Tibet, known as the ‘Roof of the World’, is mostly a plateau that rises from 3,962m to 5,000m above the sea level and covers a massive 1,220,000 sq km. Lhasa is the capital city of the Tibetan Autonomous Region of China.
The name Lhasa means ‘place of the gods’ and it remains a vivid and still-thriving enclave of devout Buddhism despite the increasing modernisation.
There are many sights in and around the city, they are:
Potala Palace – 425 ft above the city on Red Mountain stands the fortress-like Potala Palace, 13 storeys high and with 1,000 rooms filled with statues,chapels, manuscripts and murals. Potala was the winter palace of the Dalai Lamas and Tibet’s political and spiritual headquarters for centuries.
Jokhang Temple – The golden-roofed temple is 1300 years old and one of Tibet ‘s holiest shrines. It was built to commemorate the marriage of the Tang princess Wen Cheng, an adopted daughter of Emperor Taizong of the Tang Dynasty (618 – 907) to King Songtsen Gampo, and houses a pure gold statue of the Buddha Sakyamuni brought to Tibet by the princess.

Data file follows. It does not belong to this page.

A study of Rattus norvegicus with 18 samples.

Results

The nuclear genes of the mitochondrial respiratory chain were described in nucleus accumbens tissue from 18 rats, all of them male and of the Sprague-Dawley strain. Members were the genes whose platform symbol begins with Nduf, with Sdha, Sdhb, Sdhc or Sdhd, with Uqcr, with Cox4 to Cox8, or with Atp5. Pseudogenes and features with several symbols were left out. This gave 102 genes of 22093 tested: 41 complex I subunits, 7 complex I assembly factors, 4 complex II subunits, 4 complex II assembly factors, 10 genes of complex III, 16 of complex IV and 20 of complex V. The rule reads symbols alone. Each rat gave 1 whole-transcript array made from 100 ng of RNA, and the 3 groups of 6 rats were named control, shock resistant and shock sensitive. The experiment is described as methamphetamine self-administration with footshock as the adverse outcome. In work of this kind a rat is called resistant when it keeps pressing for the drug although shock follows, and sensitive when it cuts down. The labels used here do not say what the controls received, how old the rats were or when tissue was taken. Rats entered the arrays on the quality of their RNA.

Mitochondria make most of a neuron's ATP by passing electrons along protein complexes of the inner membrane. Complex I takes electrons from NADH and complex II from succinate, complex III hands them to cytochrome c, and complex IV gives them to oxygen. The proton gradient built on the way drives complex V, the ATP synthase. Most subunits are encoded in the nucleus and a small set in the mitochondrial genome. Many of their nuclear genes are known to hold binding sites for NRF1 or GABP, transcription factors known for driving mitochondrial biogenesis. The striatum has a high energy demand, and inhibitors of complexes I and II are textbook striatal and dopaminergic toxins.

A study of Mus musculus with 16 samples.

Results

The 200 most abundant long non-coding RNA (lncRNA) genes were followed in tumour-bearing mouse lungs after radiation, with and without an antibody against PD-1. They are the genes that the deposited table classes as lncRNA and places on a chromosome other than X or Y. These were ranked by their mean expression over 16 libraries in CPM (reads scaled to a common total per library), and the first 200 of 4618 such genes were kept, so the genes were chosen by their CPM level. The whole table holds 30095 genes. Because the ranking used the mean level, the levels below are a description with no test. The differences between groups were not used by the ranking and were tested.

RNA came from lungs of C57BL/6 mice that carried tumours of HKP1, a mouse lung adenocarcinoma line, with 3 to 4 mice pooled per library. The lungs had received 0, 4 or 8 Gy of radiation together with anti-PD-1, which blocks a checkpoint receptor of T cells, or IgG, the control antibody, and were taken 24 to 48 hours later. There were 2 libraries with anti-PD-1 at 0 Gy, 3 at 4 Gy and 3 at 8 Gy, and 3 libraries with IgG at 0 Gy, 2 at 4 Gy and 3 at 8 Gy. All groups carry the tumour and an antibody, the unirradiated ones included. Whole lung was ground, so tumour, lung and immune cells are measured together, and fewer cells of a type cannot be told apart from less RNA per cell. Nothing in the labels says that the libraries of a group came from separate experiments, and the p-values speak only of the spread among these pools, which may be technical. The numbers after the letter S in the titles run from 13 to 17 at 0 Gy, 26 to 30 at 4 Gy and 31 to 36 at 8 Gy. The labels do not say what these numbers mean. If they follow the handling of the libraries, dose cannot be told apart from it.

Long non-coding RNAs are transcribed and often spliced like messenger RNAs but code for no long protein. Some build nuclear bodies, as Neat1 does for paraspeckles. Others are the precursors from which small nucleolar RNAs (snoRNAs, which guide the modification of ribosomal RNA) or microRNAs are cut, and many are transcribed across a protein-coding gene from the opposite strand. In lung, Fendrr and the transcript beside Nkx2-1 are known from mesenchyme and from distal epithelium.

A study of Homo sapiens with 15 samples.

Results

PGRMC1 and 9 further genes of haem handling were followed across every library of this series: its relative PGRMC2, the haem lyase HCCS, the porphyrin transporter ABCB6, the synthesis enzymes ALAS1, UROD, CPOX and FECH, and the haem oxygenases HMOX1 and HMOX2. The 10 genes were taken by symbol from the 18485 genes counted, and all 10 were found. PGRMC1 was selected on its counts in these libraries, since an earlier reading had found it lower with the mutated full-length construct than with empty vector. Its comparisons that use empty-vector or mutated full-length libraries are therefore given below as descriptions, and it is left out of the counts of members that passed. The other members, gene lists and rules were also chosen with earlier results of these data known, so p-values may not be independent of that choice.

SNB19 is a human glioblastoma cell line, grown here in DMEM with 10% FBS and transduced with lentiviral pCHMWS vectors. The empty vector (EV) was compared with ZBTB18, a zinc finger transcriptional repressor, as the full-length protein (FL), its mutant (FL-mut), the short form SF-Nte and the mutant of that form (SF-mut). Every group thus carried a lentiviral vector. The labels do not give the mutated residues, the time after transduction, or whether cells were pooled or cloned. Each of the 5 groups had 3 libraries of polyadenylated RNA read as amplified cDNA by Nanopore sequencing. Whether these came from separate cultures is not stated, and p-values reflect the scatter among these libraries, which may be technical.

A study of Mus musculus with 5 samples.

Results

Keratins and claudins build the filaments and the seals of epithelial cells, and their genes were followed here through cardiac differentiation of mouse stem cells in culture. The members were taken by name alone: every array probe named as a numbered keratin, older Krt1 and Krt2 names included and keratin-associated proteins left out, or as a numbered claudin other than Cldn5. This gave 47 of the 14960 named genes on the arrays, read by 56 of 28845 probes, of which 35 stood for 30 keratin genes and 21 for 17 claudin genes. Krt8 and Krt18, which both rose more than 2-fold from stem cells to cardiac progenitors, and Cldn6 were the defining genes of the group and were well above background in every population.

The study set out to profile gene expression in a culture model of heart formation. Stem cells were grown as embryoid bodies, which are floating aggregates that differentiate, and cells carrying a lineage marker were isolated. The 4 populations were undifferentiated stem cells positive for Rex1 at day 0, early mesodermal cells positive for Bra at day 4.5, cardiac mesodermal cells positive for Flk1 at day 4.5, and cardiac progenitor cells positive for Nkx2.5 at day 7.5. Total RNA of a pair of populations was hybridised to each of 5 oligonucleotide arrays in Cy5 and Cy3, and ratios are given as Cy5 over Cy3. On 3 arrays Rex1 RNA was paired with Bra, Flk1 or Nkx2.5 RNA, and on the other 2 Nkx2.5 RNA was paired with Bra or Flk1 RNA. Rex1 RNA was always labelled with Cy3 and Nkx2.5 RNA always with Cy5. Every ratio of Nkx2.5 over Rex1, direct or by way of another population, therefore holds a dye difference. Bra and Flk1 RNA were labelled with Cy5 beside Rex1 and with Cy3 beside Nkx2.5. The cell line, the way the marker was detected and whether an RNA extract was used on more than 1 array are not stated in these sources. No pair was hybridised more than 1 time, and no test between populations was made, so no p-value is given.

Sera Monastery – or “Wild Roses Monastery” as its known because the site where the monastery was built was surrounded by wild roses in bloom. The Sera Monastery is one of the “great three” Gelug university monasteries of Tibet and its a complex of structures with the Great Assembly Hall and three colleges. The Monastery was founded in 1419 now has 300 monks in residence.
Drepung Monastery – or “Rice Heap” monastery dates back to the early 15th century and lies about seven km west of Lhasa. In its time it was the largest of Tibet ‘s monastic towns and the largest monastery in the world.The Drepung Monastery is one of the “great three” Gelukpa university monasteries of Tibet. The other two are Ganden and Sera.
Our classic Tibet tour includes Beijing, Kathmandu, and Mount Everest and ‘the Roof of the World’ train to Lhasa. For more information please email email@example.com or visit our website by clicking here.